A Basic Guide to Your Ecommerce Analytics

guide to ecommerce analytics

A Basic Guide to Your Ecommerce Analytics

Google Analytics is a powerful tool for tracking and analyzing your visitors' behavior on your website. Naturally, if you've invested in an eCommerce site, then you'll want you to take the proper steps to ensure your site is generating an ROI for your business.

In this post, I'm going to walk you through the basic process of setting up your Google Analytics so that you can gather optimum insights from your online business' data.

Get Started with Ecommerce Tracking

Turning on Ecommerce Tracking in your Google Analytics account can give you access to Ecommerce Reports which will enable you to:

  • Segment and analyze your data to see exactly which traffic sources, keywords, marketing campaigns, and products are generating the most revenue. This will help you pinpoint where you should allocate your financial resources.
  • Get insights to your transactions such as how much revenue you're getting per transaction and how many products customers are purchasing per transaction.
  • Gauge your sales cycle by uncovering how much time and how many sessions it takes customers to make a purchase decision. This will show you whether you have a stable sales cycle or whether this varies based on the season.

Here's a screenshot from Google Support on how to set up your Ecommerce Tracking:

There is a common misconception that these are the only steps you have to take to gather your online website's data. However, to really obtain a full reflection of your website's data, you'll also want to make sure you're using best practices regarding goals and funnels.

Identify What's Important with Goals

You use goals in Google Analytics to track of the most crucial aspects to your business by tracking how often visitors complete designated actions. Goals are configured at the view level and can be applied to specific pages to help you determine which pages and features of your site are encouraging the most conversions.

Whenever a user completes an action specified as a goal, Google Analytics documents the action as a conversion. You can specify the type of actions you would like to record as a goal by utilizing Google Analytics' 4 goal types:

  1. Destination: Triggered when a user reaches a certain URL Destination like a thank you or confirmation page.
  2. Visit Duration: Triggered when a user spends a specific amount of time on the site. You can also set it if you want your users to spend a specific amount of time on the site. If you have a support section on your site and you want your visitors to find solutions quickly.
  3. Pages/Visit: Triggered when a visitor reaches a specified number of pages within a visit. This can also apply to a support section.
  4. Events: Triggered when a visitor completes an action defined as an event such as a video play, ad click, download, or social share.

How to set up your goal settings:

  1. Sign into your Google Analytics.
  2. Select the "Admin" at the top right and navigate to the account you want to add your goals.
  3. Under the view column, select "goals."
  4. Select "+ New Goal."
  5. Choose to configure your goal with the following options:
    1. Template: designed to help you set common business goals. This is especially helpful for beginners. You can edit any of these fields before saving the goal to fit your site's needs.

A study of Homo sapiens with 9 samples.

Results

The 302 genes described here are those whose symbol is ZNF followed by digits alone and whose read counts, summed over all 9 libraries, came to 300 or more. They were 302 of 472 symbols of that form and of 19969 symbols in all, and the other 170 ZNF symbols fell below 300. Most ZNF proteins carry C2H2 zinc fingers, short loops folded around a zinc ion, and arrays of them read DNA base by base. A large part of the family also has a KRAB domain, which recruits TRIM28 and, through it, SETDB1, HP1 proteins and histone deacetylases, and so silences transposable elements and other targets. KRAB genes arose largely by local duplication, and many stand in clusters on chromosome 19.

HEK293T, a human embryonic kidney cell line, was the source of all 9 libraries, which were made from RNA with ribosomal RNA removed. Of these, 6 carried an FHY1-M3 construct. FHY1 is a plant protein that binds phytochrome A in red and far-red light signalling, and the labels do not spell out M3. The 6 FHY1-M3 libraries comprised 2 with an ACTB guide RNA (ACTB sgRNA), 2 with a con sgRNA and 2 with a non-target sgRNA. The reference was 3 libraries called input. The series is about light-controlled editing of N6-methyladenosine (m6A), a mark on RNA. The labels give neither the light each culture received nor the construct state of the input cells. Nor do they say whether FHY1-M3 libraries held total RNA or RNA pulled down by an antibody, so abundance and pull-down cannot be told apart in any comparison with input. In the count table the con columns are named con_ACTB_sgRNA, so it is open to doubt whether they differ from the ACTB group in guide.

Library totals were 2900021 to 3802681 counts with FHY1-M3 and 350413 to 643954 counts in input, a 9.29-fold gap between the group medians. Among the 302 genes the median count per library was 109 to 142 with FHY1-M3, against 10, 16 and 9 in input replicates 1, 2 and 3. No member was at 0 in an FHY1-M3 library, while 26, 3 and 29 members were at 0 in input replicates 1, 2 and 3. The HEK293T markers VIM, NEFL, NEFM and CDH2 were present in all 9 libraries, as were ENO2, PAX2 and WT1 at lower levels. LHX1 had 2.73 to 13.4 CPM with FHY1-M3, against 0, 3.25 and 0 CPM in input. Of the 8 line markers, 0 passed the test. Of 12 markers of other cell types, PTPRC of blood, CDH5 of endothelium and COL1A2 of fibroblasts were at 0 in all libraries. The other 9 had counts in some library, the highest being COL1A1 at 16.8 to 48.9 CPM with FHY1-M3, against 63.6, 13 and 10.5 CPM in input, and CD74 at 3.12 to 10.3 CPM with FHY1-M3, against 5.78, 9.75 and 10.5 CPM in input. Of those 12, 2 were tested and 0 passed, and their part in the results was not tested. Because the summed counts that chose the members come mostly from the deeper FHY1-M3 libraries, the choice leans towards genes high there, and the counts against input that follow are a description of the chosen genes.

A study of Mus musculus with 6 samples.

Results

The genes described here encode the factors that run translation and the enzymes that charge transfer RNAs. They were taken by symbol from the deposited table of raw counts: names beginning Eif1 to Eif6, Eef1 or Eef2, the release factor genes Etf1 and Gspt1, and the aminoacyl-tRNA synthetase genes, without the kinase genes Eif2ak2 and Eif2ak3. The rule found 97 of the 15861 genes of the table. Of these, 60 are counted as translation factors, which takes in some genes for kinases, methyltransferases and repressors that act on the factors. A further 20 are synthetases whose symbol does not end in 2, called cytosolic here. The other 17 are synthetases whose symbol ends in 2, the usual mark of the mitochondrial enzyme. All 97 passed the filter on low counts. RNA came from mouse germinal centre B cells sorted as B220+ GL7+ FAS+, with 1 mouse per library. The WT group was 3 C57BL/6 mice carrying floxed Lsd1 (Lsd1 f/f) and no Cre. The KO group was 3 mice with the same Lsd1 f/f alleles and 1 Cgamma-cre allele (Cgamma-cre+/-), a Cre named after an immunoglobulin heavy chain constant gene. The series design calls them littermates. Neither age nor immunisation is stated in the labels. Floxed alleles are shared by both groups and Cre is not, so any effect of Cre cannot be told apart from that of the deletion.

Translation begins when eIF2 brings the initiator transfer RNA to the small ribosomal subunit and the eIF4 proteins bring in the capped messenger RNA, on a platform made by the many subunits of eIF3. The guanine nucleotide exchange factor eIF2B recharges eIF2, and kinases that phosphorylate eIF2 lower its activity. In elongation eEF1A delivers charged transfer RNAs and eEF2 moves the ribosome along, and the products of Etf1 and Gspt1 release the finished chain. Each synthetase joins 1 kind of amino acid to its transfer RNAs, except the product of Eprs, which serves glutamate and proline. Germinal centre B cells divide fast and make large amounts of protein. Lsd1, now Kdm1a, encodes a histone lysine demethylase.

2. Smart Goals: This is only applicable if you're using Google Adwords.
    3. Custom: Use this option, name your goal, and select your own goal type as detailed above.
  6. Name your goal and set up your goal details.
  7. Before you save be sure to set up your funnel (details in next section).

You can create up to 20 goals per view. If you need an in-depth overview on how to set up your Goals, check out Google's instructions on how to create, edit and share goals.

Visualize with Funnels

After you save URL goals, it is highly recommended that you use another essential Google Analytics feature: funnels. Your visitors' site behavior can be organized into individual steps until they make a purchase. For example, you could use your funnel to visualize your users' progress from placing items into their shopping carts to the payment page, and subsequent thank you page. Funnels help you visualize this process, offering the conversion data between each step along the way. This will help you determine:

  • Whether the layout of your website is designed to encourage your visitors to convert.
  • Which areas of the site are causing users to drop out of the funnel.
  • If there are any technical issues prohibiting users from completing their purchase.

How to set up your funnels:

  1. Before you save your URL goal, switch the funnel option to "on."
  2. Enter the name of the pages and their corresponding URLs along the predicted path. A common path a user might take might be: Homepage > Product Page > Cart > Checkout > Shipping > Payment > Thank You
  3. Decide if you want this path to be "required" or not. Required means that people can only get to the destination page by starting at your first designated step (i.e., Homepage). If a user were to enter the funnel through a different page, this data would be excluded from your funnel reports. If you would like to monitor a specific customer path, then switch required to "yes." Otherwise, leave the required button at "no."

You can add up to 10 stages in your funnel. After you've set up your stages, you can find this data under your reports in the "Funnels Visualization" Report.

Ecommerce in Google Analytics can seem confusing at first sight. However, the conversion data Google Analytics offers when using the appropriate methods to construct goals and funnels can be indispensable to your business.

Did this blog post help? We'd love to hear from you in the comments below!